The Weary Return – What are the Lessons from Kilimanjaro?

July 8th, 2011 by Sarah Green Leave a reply »

Having spent seven days on a mountain, we have been reflecting on the lessons learnt and whether this is a good way to build commercial relationships. We can honestly say that through the fundraising, training and climb, we now as a team know each other better than some family members. In many cases, we have shared experiences, fears and had some of our most honest conversations in years. We were very lucky with our team; the 30 individuals who were all very different in age, background and seniority supported each other without exception.

If we break down some of our objectives and review how successful we have been, we may gain a clearer picture as to whether this time consuming and exhausting week had value for individuals and the business.

Improved Engagement – like many organisations we are aiming to improve engagement and create connectivity with the organisations that we work with. Having fundraised over £190,000 for Marie Curie Cancer Care, we definitely have a sense of achievement and recognise the contributions that were made by the companies we work for in the achievement of that figure. We have a huge sense of pride that the work we have done here will make such a large impact on others who are in very difficult circumstances.

Personal Awareness – by putting our bodies under extreme and consistent challenge, we have a very clear picture of how we respond to physical and emotional pressure. Each day the altitude ensured that we endured headaches, nose bleeds and nausea, this is “absolutely normal” apparently. The response from individuals was incredible. Facing a minimum of an eight hour walk, each person maintained positivity and resilience. Some within the group showed beyond human determination with significant health problems and as a result gained the admiration of the group.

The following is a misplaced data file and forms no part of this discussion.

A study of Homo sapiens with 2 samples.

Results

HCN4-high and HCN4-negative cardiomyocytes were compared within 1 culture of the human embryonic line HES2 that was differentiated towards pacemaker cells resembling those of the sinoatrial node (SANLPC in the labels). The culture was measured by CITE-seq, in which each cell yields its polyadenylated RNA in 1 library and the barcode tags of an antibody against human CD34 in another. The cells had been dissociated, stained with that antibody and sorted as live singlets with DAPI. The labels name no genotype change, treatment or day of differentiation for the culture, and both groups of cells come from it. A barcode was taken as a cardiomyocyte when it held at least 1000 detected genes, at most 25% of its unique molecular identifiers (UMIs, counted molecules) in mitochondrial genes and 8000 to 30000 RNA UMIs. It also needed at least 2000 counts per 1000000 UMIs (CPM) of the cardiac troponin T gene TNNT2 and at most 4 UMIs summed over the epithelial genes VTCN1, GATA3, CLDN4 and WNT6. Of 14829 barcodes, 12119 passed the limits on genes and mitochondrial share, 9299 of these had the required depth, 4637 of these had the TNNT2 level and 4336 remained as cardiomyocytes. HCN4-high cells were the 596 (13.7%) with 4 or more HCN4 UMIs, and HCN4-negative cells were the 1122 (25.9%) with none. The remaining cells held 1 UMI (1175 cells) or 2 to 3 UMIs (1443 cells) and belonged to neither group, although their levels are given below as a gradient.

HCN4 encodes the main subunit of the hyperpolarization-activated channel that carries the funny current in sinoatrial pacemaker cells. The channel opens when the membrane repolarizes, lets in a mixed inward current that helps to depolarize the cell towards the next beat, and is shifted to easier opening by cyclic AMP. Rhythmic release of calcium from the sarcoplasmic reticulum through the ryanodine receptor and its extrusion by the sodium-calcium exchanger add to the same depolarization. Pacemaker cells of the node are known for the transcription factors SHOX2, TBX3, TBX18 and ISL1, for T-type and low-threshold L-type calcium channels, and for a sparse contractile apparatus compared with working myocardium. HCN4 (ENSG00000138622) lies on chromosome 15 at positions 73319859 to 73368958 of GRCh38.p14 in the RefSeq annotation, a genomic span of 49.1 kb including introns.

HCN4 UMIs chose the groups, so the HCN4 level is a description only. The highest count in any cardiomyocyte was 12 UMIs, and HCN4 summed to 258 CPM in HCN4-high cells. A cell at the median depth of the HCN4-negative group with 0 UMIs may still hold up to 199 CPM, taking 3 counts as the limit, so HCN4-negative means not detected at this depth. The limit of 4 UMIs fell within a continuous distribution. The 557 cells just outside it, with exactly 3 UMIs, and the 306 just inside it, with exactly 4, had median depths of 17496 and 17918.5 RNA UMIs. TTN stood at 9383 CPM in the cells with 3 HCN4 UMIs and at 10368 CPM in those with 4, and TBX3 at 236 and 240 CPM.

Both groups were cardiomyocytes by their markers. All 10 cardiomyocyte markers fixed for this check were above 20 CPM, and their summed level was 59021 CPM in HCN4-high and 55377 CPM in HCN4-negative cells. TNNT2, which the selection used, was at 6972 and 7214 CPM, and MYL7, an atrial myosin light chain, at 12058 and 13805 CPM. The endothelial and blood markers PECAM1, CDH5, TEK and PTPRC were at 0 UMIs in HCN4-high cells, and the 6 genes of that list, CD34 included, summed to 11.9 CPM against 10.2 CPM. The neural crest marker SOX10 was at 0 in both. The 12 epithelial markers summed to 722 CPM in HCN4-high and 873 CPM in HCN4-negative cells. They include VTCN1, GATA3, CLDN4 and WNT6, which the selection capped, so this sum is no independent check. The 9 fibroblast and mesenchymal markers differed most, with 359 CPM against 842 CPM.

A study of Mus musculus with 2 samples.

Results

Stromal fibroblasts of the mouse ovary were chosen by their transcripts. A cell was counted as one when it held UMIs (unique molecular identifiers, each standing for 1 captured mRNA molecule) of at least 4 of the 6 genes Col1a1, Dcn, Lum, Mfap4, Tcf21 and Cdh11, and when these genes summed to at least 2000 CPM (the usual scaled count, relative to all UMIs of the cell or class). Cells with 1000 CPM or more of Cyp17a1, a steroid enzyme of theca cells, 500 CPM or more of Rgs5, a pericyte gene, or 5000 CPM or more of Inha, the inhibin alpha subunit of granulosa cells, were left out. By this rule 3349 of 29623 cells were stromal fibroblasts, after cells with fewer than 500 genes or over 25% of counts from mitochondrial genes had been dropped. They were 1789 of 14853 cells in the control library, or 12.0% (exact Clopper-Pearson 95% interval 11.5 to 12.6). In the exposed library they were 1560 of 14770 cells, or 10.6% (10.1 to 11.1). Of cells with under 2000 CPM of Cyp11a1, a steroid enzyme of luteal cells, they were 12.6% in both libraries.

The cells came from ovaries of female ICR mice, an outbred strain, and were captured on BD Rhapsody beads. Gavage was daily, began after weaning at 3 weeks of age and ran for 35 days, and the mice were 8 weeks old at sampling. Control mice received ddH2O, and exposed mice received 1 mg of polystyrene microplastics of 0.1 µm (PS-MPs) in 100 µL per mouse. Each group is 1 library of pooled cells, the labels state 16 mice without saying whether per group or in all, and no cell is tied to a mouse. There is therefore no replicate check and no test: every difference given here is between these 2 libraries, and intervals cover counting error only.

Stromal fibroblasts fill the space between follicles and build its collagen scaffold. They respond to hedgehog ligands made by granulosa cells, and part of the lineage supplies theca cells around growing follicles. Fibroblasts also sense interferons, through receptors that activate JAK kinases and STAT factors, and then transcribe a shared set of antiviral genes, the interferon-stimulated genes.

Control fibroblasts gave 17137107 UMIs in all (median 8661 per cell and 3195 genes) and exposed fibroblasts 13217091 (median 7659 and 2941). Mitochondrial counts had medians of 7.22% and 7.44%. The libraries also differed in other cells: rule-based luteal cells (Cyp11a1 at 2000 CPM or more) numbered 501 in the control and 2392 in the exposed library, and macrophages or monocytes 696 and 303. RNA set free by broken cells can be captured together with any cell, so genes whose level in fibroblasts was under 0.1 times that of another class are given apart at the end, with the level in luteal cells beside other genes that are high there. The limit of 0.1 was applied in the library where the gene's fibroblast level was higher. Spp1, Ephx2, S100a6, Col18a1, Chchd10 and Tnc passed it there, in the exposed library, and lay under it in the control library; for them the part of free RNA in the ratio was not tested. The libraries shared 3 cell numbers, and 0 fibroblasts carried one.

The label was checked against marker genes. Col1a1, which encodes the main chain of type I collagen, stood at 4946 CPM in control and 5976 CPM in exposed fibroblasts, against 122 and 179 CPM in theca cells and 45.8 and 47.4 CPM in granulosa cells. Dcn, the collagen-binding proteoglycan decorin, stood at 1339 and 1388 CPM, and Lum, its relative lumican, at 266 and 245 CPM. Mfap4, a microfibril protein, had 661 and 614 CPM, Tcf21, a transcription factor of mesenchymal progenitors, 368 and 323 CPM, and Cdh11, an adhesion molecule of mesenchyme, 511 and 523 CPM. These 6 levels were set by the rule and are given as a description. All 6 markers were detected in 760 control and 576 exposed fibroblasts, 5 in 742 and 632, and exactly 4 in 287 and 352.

Emotional Intelligence – critically to maintain group morale, the individuals developed their interpersonal and intrapersonal intelligence. As many emotions and feelings were raw and open to be observed within this environment, individuals quickly adapted to what was needed.

In conclusion, the work started here has huge potential for the longer term development of the team and individuals as future leaders. By identifying and embedding the learning for each individual, this experience has the potential to become more than just another fundraising activity and a stroll up a very big hill. We feel that we have made lifelong friends and developed enduring professional relationships. Plans are afoot to meet up again – which has got to be a sign that our objectives were achieved.

If you are interested in hearing more about Zircon’s coaching and team development services, please contact sarah.linton@zircon-mc.co.uk or our rock and mountain climbing adventures in the future please contact jason.roberts@zircon-mc.co.uk.